When corporate officers blog, a type of Kabuki is taking place.
What you're reading is advocacy, marketing and a bit of PR. What you see may be policy, but the Secretary may also deny any knowledge of the blogger's actions, causing the blog to self-destruct in 15 seconds. You know which when you learn the fate of the blogger.
This is prelude to news that Jason Matusow right, director of Microsoft's Shared Source Initiative has launched a blog.
Matusow, who debated Stanford's Lawrence Lessig in 2003 and came out comparing it to Monty Python's Argument Clinic sketch, is still singing the same song he sang then.
It's about as transparent as a Kabuki in the north Georgia mountains.
Come with me into Matusow's first major blog entry.
What is open?' he asks. After literally thousands of discussions, panels, debates, arguments, commiserations, smoke signals and some lewd sign language, I am constantly amazed at the flexibility of this single word.
This may be why Peter Brown prefers the word free to open. Its meaning is not as opaque.
Matusow breaks open source licensing into three categories:
- Reference. You can look but you better not touch. I call this the Bruce Springsteen license. An example is Matusow's Shared Source license.
- Permissive. You can look, change, borrow, steal or re-sell. If I call this the Jim Morrison license, will that date me? Plug in the BSD license here.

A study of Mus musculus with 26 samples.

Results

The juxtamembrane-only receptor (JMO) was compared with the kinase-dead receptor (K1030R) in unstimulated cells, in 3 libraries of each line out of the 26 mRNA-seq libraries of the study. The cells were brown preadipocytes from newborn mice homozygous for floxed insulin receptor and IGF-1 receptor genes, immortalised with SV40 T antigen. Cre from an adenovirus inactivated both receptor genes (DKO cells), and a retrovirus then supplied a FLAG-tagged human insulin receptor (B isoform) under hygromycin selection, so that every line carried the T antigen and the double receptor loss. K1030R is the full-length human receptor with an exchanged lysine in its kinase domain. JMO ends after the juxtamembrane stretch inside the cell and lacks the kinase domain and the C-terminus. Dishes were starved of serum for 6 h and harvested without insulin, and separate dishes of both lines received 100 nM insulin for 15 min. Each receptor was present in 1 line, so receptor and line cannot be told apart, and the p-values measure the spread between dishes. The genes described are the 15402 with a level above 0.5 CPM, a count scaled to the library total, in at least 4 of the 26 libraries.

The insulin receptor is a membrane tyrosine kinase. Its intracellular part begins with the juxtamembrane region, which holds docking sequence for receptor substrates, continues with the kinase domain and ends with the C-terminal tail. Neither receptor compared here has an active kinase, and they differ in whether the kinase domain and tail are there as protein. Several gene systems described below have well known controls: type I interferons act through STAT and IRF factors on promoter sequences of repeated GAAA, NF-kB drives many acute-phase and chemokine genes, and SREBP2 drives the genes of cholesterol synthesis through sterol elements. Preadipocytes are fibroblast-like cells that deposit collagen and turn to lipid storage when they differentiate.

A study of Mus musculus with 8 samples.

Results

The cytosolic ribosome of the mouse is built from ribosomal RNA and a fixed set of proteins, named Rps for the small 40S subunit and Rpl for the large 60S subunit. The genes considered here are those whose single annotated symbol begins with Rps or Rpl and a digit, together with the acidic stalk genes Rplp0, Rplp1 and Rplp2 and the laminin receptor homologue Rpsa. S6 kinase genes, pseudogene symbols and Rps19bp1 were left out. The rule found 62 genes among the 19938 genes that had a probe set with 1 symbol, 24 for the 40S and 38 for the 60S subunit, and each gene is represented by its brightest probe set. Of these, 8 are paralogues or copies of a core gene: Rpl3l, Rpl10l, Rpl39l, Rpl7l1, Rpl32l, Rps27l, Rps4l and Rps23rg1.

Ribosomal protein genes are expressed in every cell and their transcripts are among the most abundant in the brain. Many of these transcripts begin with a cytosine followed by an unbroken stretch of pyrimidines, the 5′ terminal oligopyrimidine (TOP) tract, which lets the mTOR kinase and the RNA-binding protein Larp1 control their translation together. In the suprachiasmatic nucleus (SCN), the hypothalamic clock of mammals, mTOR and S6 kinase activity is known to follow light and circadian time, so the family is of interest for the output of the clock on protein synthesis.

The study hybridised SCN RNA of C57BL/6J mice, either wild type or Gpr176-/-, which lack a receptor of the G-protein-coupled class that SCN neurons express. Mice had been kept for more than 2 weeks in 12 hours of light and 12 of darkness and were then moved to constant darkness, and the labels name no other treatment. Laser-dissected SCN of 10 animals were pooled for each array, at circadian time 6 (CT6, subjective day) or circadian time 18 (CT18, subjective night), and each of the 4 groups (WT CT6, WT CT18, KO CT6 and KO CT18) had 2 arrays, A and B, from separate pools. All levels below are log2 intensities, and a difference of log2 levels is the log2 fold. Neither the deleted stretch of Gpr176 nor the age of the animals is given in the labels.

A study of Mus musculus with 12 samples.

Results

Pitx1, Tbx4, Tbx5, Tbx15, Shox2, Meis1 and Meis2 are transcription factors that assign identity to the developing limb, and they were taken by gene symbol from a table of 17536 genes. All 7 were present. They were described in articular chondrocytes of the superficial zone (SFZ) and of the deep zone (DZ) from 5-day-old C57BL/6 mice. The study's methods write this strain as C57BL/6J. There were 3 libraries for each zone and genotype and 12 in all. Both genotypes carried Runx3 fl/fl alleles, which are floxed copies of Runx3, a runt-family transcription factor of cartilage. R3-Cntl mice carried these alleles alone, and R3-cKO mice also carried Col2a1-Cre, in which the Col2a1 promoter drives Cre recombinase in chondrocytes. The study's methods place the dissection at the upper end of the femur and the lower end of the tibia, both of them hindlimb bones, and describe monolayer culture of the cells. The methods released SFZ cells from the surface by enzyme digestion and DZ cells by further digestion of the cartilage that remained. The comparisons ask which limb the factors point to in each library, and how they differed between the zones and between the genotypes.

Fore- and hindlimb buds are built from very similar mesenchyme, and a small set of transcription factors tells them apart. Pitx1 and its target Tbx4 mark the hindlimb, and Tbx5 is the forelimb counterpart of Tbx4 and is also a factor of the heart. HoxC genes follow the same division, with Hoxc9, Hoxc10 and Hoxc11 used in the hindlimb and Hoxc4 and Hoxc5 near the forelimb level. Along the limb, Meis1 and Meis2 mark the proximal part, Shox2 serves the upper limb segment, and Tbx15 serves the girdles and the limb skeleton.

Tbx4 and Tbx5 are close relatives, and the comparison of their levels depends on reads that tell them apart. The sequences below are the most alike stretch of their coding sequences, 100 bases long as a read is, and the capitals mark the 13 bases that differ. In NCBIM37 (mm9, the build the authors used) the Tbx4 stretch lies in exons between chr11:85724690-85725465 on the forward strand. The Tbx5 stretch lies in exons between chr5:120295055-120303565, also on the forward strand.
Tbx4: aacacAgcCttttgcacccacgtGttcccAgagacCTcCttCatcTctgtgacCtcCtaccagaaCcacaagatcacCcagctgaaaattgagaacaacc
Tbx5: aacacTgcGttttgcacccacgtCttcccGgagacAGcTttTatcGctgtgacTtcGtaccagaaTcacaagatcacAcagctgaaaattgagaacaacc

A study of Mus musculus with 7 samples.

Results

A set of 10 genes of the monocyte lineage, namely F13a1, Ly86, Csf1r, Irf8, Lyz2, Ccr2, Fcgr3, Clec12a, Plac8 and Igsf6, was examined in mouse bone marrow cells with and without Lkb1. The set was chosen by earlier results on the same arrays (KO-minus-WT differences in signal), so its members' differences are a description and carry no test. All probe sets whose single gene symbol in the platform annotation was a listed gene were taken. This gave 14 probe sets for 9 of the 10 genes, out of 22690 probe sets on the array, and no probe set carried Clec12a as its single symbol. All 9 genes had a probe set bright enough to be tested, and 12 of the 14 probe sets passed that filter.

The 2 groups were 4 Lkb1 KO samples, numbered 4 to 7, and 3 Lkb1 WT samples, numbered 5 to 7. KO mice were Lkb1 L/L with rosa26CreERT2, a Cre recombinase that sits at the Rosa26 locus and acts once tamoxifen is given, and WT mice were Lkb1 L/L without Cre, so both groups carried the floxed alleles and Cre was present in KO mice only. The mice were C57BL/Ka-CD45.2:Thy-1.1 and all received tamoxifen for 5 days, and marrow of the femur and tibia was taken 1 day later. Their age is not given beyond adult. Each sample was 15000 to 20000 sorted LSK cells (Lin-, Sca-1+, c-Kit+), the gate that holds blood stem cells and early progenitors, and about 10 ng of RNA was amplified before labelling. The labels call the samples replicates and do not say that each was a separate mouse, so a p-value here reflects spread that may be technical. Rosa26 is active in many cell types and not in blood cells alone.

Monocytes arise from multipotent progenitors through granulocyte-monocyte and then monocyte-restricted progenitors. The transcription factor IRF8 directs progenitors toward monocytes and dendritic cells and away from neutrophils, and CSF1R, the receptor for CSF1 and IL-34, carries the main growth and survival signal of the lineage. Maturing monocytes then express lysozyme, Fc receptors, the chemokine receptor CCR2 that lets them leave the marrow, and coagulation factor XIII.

- Reciprocal. You do something cool, you gotta give us all a taste. Matusow might like me to call this the Cheech & Chong license, and associate the GPL with it. (Then again, he might not.)
Microsoft generally engages in Springsteen licensing. They are The Boss. But Matusow says Microsoft also accepts licensing diversity. I call this Simon Cowell licensing, because you need a good lawyer to play.
The most important factor to me is that a developer or organization has the freedom to choose what type of license works best for each individual project. In Shared Source, we have 17 offerings, and we use all three types of licensing. Our focus is not on whether or not something meets the OSI definition of open source. The focus is instead on whether or not, for that given technology, the community most interested in working with the source code has the ability to accomplish what it needs to.
Sweet, right? Open, honest, transparent, right? Well, remember where I placed that Kabuki up above. My personal view is behind the link.
What's yours? Please let us know in TalkBack.